Many of the region’s theaters, which had been speaking up in support of diversity, equity and inclusion, first in response to the unrest over racial injustice last summer, and then again in response to hate crimes this spring, followed suit.
“This was an inexcusable, terrible, unfortunate act, but it was also emblematic of a bigger failure of the LA Stage Alliance in the past few years,” said Danny Feldman, the producing artistic director at Pasadena Playhouse, who said the organization’s inadequacy had become more clear during the pandemic. “They lost the confidence of the community, and this was the tipping point.”
The LA Stage Alliance was a nonprofit, dating back to 1975, that sought to support theater in Los Angeles. In addition to overseeing the Ovation Awards, it maintained onStage:LA, a website with listings and ticket discounts and published a digital arts magazine called @This Stage.
Last summer the organization furloughed its staff; emails to the executive director, Marco Gomez, were answered by a publicist, Ken Werther, who said the leadership was declining to make any further comments.
Lee, in an interview on Monday, said she was uncomfortable being seen as the face of the controversy, but also upset about the events that had transpired.
A torrent of hate and violence against people of Asian descent around the United States began last spring, in the early days of the coronavirus pandemic.
- Background: Community leaders say the bigotry was fueled by President Donald J. Trump, who frequently used racist language like “Chinese virus” to refer to the coronavirus.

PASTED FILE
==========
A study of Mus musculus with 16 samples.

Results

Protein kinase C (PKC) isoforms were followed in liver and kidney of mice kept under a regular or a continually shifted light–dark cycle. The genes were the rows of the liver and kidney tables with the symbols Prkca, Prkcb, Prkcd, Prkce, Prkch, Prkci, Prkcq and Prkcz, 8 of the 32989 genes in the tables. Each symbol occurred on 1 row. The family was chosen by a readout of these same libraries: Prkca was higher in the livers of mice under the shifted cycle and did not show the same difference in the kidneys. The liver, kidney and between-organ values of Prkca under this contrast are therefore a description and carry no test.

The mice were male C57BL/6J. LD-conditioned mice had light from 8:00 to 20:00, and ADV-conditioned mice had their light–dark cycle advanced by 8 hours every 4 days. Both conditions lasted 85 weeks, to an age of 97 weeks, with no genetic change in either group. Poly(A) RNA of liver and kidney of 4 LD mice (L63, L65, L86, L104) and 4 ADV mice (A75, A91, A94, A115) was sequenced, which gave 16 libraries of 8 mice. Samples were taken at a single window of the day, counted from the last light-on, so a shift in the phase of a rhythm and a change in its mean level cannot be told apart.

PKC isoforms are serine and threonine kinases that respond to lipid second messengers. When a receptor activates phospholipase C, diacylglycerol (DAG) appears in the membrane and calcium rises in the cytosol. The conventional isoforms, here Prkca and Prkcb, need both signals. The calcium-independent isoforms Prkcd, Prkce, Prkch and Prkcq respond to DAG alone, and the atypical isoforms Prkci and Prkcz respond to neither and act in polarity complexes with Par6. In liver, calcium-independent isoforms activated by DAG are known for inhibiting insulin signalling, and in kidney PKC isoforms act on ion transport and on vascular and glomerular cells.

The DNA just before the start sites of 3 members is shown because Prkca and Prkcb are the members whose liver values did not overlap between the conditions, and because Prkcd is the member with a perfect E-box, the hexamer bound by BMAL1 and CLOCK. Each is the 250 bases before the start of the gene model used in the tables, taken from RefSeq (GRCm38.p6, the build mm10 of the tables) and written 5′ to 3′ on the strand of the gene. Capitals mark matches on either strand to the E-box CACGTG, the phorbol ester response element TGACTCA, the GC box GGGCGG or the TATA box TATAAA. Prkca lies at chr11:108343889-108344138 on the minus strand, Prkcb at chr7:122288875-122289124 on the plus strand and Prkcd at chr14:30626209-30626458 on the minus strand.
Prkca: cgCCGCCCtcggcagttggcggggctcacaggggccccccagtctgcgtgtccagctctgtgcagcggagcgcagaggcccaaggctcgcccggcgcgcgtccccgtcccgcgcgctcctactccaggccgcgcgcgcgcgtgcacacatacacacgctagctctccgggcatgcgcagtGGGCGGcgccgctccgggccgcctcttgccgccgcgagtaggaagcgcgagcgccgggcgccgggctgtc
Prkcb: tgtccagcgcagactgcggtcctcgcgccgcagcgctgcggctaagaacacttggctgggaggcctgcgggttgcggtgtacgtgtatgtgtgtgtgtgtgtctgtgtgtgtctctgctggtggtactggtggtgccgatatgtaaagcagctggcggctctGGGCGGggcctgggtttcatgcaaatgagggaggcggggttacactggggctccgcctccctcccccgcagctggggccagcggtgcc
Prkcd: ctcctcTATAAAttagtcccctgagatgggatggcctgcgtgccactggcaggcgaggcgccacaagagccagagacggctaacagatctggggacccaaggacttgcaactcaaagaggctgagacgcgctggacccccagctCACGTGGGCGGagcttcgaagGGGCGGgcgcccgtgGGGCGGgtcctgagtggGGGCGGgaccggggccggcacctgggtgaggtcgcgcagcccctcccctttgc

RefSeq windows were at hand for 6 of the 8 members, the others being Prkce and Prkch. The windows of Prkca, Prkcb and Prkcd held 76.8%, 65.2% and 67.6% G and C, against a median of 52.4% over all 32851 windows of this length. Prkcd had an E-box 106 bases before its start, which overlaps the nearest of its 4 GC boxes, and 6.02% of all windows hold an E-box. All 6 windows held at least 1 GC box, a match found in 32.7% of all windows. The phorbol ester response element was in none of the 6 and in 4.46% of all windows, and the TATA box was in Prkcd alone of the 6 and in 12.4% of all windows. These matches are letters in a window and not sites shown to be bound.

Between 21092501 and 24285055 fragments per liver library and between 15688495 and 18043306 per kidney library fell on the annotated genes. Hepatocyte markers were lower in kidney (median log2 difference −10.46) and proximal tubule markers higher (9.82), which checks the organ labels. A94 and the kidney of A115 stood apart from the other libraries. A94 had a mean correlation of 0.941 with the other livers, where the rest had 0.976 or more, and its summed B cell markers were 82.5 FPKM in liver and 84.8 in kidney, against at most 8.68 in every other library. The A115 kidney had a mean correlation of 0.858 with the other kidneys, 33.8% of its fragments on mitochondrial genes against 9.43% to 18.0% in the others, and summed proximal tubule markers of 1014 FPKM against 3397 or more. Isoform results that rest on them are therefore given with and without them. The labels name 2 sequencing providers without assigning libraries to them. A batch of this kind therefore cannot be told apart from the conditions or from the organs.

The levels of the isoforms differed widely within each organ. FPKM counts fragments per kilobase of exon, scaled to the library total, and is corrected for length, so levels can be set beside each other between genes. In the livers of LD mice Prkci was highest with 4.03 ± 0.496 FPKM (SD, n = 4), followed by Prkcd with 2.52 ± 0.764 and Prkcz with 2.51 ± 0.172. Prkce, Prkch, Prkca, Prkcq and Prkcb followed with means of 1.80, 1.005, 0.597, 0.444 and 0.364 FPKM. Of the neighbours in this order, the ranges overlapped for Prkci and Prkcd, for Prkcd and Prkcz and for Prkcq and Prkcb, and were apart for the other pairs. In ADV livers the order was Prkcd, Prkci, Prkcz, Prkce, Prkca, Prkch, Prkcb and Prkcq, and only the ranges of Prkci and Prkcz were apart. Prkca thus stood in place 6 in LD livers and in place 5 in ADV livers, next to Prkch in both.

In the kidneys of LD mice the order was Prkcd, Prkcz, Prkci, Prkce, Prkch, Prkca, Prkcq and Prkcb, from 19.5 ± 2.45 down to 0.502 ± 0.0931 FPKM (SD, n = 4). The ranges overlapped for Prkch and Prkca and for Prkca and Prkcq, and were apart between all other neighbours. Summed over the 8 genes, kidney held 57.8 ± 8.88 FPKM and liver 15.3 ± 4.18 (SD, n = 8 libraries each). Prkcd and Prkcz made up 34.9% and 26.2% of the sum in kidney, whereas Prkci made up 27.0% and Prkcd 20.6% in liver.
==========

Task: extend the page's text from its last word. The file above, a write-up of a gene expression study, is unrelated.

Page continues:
- Data: The New York Times, using media reports from across the country to capture a sense of the rising tide of anti-Asian bias, found more than 110 episodes since March 2020 in which there was clear evidence of race-based hate.
- Underreported Hate Crimes: The tally may be only a sliver of the violence and harassment given the general undercounting of hate crimes, but the broad survey captures the episodes of violence across the country that grew in number amid Mr. Trump’s comments.
- In New York: A wave of xenophobia and violence has been compounded by the economic fallout of the pandemic, which has dealt a severe blow to New York’s Asian-American communities. Many community leaders say racist assaults are being overlooked by the authorities.
- What Happened in Atlanta: Eight people, including six women of Asian descent, were killed in shootings at massage parlors in Atlanta on March 16. The motives of the suspect, who has been charged with murder, are under investigation, but Asian communities across the United States are on alert because of a surge in attacks against Asian-Americans over the past year.
“I was trying to be brave, and trying not to make it a big deal,” she said. “But then, reading all the posts — all the anger and pain that was being expressed — I had to acknowledge that this is angering and painful and hurtful. And there have been so many attempts to try and get the LA Stage Alliance to be more inclusive, and they’ve largely been ignored.”
Deaf West Theater, the nation’s leading sign language theater, sought unsuccessfully to have this year’s Ovation ceremony interpreted for the deaf. “All of these oppressions go hand in hand,” said DJ Kurs, the theater’s artistic director. “We are all fighting the same fight, and we are fighting it together.”